Protesting against decisions and actions that are deemed unfair is a part of Oakland’s heritage. From the Black Panthers Party of the 1960s, to 2011’s Occupy Oakland demonstrations, to the recent decisions regarding the deaths of Mike Brown and Eric Garner, Oaklanders have always expressed their opinions and let their voices be heard.
As you know, a lot of Oaklanders have been expressing outrage over two recent legal decisions (one in Missouri, one in New York) with heavy racial overtones. As a Keep Oakland Beautiful board member, I’m not here to comment on these decisions. Rather, I would like to take this opportunity to weigh in on the ‘art of protesting’ and how protesting impacts the beauty of our community.
Personally, I believe in the right to peaceful protest. Being allowed to do so is one of the things that defines our country and makes us great. The First Amendment of the United States Constitution states that ‘Congress shall make no law respecting an establishment of religion, or prohibiting the free exercise thereof; or abridging the freedom of speech, or of the press; or the right of the people peaceably to assemble, and to petition the Government for a redress of grievances.’
To me, the key word is ‘peaceably.’ When protest actions involve breaking windows, breaking and entering properties, stealing, vandalizing, and causing injury to others, those constitutional boundaries have been overstepped and the protest is no longer peaceful.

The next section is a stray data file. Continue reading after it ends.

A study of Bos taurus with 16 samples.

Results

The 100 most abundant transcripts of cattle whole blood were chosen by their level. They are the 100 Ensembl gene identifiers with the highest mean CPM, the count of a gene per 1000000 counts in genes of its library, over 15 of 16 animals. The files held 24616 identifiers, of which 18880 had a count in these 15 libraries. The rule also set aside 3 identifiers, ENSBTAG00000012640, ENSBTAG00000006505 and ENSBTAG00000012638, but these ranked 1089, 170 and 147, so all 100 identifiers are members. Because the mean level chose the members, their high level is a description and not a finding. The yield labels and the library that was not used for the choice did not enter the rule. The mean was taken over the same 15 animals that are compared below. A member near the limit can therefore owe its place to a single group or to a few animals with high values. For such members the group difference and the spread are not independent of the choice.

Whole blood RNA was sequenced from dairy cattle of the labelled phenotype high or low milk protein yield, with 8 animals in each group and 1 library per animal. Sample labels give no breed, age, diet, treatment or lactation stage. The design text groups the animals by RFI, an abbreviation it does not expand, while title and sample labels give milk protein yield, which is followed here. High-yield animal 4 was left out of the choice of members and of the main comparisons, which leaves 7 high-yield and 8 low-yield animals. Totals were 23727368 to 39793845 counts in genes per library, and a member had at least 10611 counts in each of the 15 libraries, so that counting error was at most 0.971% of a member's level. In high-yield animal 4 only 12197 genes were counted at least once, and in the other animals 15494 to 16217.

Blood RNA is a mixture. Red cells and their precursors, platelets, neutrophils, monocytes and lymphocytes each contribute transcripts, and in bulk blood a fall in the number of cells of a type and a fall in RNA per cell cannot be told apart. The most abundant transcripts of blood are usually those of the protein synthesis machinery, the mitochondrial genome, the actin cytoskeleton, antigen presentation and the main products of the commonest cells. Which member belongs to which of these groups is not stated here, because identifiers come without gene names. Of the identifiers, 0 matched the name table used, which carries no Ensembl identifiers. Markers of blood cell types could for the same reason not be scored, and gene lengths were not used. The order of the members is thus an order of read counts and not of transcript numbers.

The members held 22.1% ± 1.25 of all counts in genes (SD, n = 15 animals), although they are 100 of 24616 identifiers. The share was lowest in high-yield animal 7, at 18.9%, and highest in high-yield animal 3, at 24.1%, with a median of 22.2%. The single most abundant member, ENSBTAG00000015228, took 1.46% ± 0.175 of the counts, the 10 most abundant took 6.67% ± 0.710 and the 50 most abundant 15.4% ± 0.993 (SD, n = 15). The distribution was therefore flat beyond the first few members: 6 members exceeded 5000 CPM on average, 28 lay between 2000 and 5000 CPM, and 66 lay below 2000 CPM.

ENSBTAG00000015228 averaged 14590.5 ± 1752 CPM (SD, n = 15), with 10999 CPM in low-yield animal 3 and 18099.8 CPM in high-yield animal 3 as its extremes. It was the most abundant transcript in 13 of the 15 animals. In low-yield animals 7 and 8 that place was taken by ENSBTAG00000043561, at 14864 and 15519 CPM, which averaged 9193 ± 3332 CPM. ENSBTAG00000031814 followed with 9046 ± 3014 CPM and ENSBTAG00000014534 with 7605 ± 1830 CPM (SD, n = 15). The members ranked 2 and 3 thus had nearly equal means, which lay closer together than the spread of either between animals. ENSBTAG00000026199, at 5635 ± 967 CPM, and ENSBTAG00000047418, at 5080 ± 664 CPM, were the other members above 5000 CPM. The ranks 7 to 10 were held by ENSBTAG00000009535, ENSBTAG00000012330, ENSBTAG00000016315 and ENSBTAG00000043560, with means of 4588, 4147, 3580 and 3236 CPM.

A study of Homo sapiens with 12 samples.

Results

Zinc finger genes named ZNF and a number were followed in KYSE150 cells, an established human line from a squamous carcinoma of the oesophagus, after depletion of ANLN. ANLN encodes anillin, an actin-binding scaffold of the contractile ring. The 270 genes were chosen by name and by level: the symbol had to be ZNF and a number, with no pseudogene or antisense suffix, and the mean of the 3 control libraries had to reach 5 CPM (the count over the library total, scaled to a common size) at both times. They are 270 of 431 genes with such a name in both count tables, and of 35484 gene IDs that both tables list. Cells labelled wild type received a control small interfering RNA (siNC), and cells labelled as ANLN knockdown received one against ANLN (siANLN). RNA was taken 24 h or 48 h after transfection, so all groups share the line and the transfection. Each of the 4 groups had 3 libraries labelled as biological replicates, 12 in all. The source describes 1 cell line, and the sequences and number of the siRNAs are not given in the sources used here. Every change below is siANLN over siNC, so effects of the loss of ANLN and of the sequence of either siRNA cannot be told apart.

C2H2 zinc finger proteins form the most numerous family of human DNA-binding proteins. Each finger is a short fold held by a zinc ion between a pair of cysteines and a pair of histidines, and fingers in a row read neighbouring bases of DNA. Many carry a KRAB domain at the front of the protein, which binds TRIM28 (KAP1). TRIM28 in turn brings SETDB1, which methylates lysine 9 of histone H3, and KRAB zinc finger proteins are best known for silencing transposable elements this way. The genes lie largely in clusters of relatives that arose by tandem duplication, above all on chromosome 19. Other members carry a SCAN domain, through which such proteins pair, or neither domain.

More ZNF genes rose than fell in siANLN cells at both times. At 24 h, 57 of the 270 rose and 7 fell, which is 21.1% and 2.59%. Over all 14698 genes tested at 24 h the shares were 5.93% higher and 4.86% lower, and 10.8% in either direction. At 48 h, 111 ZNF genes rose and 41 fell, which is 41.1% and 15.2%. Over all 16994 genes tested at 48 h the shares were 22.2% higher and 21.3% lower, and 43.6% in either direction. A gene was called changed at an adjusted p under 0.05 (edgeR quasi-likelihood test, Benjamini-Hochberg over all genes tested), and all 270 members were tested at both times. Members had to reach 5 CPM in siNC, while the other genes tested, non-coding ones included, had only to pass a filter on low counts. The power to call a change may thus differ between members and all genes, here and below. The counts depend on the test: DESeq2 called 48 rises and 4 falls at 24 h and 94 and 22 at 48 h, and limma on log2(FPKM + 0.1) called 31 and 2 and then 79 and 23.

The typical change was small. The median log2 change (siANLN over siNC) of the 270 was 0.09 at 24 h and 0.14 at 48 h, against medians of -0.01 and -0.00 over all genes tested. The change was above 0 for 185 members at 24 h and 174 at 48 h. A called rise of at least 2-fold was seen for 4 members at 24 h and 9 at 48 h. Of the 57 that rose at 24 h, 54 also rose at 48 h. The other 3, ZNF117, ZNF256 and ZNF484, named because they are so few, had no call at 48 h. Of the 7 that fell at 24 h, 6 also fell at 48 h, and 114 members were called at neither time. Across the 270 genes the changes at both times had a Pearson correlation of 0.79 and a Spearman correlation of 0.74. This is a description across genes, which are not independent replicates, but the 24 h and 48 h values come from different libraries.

When that line is crossed, peaceful protesters become violent protesters, physically or economically harming innocent, local business owners and our neighbors. Furthermore, the very issue that’s being protested becomes tarnished rather than enhanced by the violent response. The violence can even be a turn off to other peaceful protesters, further diluting the cause.
Most of the people recently protesting in Oakland did so peacefully; however, there were a few who took their actions too far. I, for one, encourage all of us to speak out for what we believe in, but to do so in ways that can best be heard and considered – being heard is not enough, the message needs to be received in a way that allows others to openly and honestly evaluate a perspective that’s different from their own.
To me, it’s more powerful to protest in support of something (e.g., ‘we must work together to make our neighborhoods safer for all’) and to offer solutions than it is to only voice my outrage. A compelling case for change is more likely to be heard and considered by those of a different persuasion than would a violent reaction to the status quo.
By protesting in favor of change or by proposing a solution to an issue, the same important, emphatic points can be made, but in constructive terms that can bring disparate parties together to discuss and build upon those ideas, rather than to merely voice anger that may widen the divide. Also, in constructive protest, there’s less risk of someone resorting to violent tactics that would turn others’ perceptions of the protesters from ‘voices for social change’ to ‘criminals.’ I believe a constructive protest can serve to engage both parties in frank conversation that can lead to identifying common ground, enhancing understanding of one another’s points of view, building trust, and finding joint solutions.
However you choose to express yourself, when you feel it’s necessary to publicly protest an issue, I urge you to heed the spirit of the words of James Madison, author of the First Amendment. Assemble ‘peaceably’ and respect others’ property and well-being. By doing so, we can Keep Oakland Beautiful and safe for all.
Keeping Oakland Beautiful is everybody’s business.
We encourage you to share your thoughts in the reply section. We welcome the dialogue and learning of others’ perspectives.